By Michael DeRienzo, Esq. | Last updated on

Want to make some money while attending college? You can start your own business. You can also try to be a (paid) intern. Or, thanks to recent changes in the law, you can make money from being an athlete.

Old Rule: Flag on the Financial Play for Athletes

Just a few short years ago, if you were a college athlete and wanted to make money from your talents, you were risking both your ability to play and your personal liberty. It was just expected that you went to school full time, had hours of homework, and then sometimes risked your life to make yourself a better athlete. Then on game day, you go out there and do your job and make billions ($15.8 billion in 2019) for NCAA schools. If you thought you should be paid for your efforts, you were banned by the rules. And, even if you tried to work around the rules, the Federal Bureau of Investigation was there to put a stop to that nonsense thinking.

Athletes Challenge the Ruling on the Financial Field

Today, student-athletes are now able to make money from their name, image, and likeness (NIL). While not a full-time job with pay, the NIL industry is already a billion-dollar industry that allows students to market themselves for profit.

So how did it go from a guaranteed prison sentence to being a teenage millionaire? In 2021, the Supreme Court ruled in NCAA v. Alston that the NCAA must follow antitrust laws. This ruling meant that athletes could cash in from marketing their NIL without losing their amateur status.

Athletes Demand Cash Payment in Instant Replay of Their NILs

Following the new ruling, the NCAA amended its policy to match the decision. However, prior to that decision, the NCAA was already facing litigation that has now become a topic of great concern.

In 2020, two current NCAA Division I athletes filed a class-action lawsuit alleging the NCAA and the conferences of violating the Sherman Act.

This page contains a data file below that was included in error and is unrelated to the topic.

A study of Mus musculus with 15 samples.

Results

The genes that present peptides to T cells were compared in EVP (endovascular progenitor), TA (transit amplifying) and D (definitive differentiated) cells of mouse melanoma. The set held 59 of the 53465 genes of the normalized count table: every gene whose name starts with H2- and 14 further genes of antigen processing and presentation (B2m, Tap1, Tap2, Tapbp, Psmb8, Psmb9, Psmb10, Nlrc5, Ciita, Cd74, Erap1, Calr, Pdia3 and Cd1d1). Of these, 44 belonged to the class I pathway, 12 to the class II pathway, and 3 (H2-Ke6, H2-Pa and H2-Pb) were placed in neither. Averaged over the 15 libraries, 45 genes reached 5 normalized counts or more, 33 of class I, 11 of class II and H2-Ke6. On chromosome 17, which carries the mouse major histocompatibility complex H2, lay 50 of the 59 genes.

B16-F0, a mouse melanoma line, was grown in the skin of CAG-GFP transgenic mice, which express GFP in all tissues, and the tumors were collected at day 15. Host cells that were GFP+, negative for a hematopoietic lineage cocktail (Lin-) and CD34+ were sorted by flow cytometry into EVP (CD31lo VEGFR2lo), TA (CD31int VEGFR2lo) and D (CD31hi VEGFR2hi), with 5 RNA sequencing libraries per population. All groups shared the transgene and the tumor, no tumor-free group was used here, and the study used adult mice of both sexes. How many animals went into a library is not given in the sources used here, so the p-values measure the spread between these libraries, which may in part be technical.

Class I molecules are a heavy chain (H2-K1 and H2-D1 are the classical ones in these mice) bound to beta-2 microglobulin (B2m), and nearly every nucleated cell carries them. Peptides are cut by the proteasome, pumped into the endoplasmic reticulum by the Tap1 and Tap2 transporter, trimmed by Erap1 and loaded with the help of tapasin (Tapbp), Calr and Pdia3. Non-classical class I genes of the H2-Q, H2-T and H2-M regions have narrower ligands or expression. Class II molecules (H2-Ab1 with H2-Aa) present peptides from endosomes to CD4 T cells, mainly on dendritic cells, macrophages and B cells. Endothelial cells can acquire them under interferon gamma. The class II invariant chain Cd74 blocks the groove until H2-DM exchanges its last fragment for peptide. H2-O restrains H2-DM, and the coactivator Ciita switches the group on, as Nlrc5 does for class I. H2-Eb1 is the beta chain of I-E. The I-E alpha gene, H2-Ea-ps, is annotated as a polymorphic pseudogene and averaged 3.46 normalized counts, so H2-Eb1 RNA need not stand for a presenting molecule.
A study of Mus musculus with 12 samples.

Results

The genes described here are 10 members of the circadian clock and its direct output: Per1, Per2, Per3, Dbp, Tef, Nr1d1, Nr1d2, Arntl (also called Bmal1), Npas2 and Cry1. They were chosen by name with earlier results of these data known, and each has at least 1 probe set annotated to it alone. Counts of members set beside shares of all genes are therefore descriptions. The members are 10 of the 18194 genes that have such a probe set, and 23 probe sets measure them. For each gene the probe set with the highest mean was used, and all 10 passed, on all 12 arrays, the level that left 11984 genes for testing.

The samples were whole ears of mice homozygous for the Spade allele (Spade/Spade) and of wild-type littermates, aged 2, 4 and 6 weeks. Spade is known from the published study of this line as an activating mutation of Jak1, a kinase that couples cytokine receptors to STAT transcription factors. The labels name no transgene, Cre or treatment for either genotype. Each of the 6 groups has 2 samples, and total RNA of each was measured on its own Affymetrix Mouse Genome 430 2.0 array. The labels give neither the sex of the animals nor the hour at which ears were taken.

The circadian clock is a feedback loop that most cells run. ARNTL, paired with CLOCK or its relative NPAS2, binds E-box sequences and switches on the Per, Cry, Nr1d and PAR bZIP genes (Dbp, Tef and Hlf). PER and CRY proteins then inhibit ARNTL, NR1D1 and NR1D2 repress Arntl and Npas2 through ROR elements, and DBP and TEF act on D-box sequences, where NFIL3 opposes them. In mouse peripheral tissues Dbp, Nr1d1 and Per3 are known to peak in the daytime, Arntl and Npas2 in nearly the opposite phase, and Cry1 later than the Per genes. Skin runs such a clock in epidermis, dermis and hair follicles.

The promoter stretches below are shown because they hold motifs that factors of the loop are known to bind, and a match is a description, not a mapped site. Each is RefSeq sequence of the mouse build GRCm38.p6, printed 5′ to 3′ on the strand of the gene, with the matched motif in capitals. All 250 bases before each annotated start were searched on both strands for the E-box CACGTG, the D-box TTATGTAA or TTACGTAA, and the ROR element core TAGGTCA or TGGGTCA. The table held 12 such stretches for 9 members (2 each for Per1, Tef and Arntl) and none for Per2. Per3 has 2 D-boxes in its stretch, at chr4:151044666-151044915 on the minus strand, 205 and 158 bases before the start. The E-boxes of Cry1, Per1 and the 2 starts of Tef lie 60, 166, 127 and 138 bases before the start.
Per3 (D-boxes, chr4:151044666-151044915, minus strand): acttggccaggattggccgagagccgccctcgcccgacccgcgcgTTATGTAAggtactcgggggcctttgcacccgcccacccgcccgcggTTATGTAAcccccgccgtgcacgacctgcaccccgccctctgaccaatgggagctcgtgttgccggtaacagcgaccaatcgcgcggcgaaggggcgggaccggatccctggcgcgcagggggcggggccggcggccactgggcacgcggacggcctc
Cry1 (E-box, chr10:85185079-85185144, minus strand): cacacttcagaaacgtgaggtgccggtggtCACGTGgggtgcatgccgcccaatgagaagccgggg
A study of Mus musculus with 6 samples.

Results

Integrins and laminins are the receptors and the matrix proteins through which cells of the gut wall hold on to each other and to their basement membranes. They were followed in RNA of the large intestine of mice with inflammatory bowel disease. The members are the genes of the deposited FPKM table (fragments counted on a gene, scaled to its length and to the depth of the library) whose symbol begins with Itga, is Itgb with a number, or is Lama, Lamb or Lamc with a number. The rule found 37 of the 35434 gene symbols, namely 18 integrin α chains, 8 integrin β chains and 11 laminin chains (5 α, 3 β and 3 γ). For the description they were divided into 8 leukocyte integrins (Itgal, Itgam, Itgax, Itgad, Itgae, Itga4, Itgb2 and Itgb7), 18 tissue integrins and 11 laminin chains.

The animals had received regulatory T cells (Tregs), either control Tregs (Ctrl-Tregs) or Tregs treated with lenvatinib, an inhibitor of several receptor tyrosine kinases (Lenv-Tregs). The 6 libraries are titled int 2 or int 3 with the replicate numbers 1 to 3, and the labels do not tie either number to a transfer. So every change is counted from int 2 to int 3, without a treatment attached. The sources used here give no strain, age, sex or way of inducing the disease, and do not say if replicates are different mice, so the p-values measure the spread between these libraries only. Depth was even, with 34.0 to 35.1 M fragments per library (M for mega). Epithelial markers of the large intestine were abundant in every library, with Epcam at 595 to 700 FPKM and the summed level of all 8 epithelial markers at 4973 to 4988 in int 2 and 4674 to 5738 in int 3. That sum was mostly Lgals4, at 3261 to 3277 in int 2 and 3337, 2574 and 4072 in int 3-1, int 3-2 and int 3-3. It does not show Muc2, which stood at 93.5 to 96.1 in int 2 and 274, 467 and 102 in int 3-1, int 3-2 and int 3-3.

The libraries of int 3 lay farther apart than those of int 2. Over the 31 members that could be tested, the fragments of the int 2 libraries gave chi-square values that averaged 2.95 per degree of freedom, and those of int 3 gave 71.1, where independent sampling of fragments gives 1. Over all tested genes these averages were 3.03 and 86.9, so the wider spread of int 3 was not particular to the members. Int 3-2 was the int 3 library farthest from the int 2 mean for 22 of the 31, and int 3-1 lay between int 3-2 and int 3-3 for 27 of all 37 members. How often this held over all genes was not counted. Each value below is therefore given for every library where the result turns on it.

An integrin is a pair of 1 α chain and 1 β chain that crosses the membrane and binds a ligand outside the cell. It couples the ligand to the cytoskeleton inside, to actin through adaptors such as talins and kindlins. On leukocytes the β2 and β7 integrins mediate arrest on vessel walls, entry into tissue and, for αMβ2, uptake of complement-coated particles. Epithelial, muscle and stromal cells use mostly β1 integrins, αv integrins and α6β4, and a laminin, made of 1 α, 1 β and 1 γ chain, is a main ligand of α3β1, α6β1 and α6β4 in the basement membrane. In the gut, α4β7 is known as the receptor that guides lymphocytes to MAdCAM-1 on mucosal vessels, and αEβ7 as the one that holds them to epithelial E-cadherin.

More specifically, the athletes alleged that the NCAA and other entities profited from their NIL while simultaneously banning the athletes from doing the same.

The NCAA argued that the $1.3 billion sought in damages was speculative, and moved to stop the court from certifying the class. The court disagreed though, and sorted the classes in its decision into three separate classes:

  • Division I Men's Football and Basketball players;
  • Division I Women's Basketball players; and
  • Division I players from other sports.

There are some limitations to the classes (including the years they played, which school they played for, and whether they received scholarships). However, the class as a whole is still expected to consist of more than 185,000 individuals.

The trial is set for 2025. Until then, there may be some legal "Hail Marys" from the NCAA and the conferences to end this sooner. The plaintiff athletes can only hope that Boston College, a school in the Atlantic Court Conference and subject to the case, doesn't complete yet another miracle Hail Mary.